Carlos Ghosn, the former boss of Nissan who was once hailed as the Japanese automaker’s savior, has spent the past two months, including both Christmas Eve and New Year’s Eve, in a jail cell in Tokyo over some sordid financial misconduct. But tomorrow, he will finally have a chance to defend himself in a Tokyo court, although he will only be allowed 10 minutes.
In a sort of preview of Carlos Ghosn’s court appearance, the 64-year-old businessman’s son, Anthony Ghosn, warned on Sunday that the world should prepare itself for “surprises” when his father tells his side of the story.
“For the first time, he can talk about his version of the allegations against him,” Anthony Ghosn, 24, said in an interview with French newspaper Journal du Dimanche on Sunday. “I think everyone will be rather surprised hearing his version of the story. Until now, we’ve only heard the accusers.”
The allegations Anthony Ghosn referred to include over $100 million of defrauded money from understating his compensation by as much as half between 2010 and 2017 to avoid criticism that his pay was too high; shifting personal investment losses from the 2008 Financial Crisis onto the company book; and bankrolling luxury vacations.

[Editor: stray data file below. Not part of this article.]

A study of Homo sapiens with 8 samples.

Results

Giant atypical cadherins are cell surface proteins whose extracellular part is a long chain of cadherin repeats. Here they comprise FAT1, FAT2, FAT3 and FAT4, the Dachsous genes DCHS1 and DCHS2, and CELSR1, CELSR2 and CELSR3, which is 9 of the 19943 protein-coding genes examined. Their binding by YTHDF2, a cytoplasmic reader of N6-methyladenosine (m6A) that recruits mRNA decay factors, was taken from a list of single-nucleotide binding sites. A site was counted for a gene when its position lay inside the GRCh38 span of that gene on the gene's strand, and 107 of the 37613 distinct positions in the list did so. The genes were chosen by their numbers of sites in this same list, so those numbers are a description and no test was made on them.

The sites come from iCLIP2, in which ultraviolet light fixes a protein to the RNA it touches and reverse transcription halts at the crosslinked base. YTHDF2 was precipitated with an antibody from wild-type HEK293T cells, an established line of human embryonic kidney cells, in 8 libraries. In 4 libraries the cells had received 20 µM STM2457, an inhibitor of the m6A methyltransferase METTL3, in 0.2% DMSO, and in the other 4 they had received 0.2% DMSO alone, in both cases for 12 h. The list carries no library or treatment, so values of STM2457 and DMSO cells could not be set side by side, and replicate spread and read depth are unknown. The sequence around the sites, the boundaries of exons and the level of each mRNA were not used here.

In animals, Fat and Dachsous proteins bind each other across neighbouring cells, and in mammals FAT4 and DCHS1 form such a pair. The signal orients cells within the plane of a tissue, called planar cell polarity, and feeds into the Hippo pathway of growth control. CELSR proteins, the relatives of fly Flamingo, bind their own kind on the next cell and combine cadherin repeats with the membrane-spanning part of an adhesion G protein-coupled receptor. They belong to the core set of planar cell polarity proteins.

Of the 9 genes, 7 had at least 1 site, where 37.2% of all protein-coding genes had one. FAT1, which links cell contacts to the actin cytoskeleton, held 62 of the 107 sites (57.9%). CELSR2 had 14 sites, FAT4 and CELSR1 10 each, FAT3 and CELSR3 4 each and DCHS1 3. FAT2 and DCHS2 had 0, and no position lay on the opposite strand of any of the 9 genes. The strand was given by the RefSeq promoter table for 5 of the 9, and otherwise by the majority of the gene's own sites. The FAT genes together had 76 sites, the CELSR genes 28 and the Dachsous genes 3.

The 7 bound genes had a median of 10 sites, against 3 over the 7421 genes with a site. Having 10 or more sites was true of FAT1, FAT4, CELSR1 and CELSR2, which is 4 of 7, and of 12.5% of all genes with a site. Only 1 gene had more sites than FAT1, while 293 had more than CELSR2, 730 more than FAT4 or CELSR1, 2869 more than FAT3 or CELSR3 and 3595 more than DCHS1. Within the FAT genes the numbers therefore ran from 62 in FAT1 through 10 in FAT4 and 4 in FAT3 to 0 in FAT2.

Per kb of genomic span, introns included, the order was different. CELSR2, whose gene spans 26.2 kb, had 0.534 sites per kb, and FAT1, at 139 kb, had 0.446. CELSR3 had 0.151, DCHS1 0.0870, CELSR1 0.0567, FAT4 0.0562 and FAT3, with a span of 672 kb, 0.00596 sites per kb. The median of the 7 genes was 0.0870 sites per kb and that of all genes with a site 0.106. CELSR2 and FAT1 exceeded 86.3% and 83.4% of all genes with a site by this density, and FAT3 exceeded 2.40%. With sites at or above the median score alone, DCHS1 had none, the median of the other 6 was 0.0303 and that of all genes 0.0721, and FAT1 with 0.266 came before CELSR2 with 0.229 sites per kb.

But Anthony Ghosn insisted that his father was “not obsessed by money” like the media has portrayed. “He always told us that money is but a means to help those you love, but not an end unto itself,” he said.
Anthony Ghosn has not been in direct contact with his father, but, getting information from Carlos Ghosn’s lawyer, he said his father had refused to sign a confession in return for release, despite having lost 10 kilograms (22 pounds) of weight during the seven-week detention.
“He is ready to defend himself vigorously and is very focused on the goal of responding to the accusations against him,” Anthony Ghosn said.
Carlos Ghosn was arrested by Japanese authorities on November 19 over two criminal charges that he had been under-reporting his salaries since 2010. He was fired by Nissan on the same day.
Carlos Ghosn has since denied accusations that he had misstated pay and used company money for personal purposes.
On December 21, just as he was about to be released on bail, he was arrested again on new charges that he had logged more than $16 million in personal investment losses incurred around 2008 under Nissan’s company accounts.
Japanese prosecutors have pressed formal charges over the $44 million of compensation that Carlos Ghosn reportedly had understated between 2011 and 2015. They haven’t filed charges over the other allegations.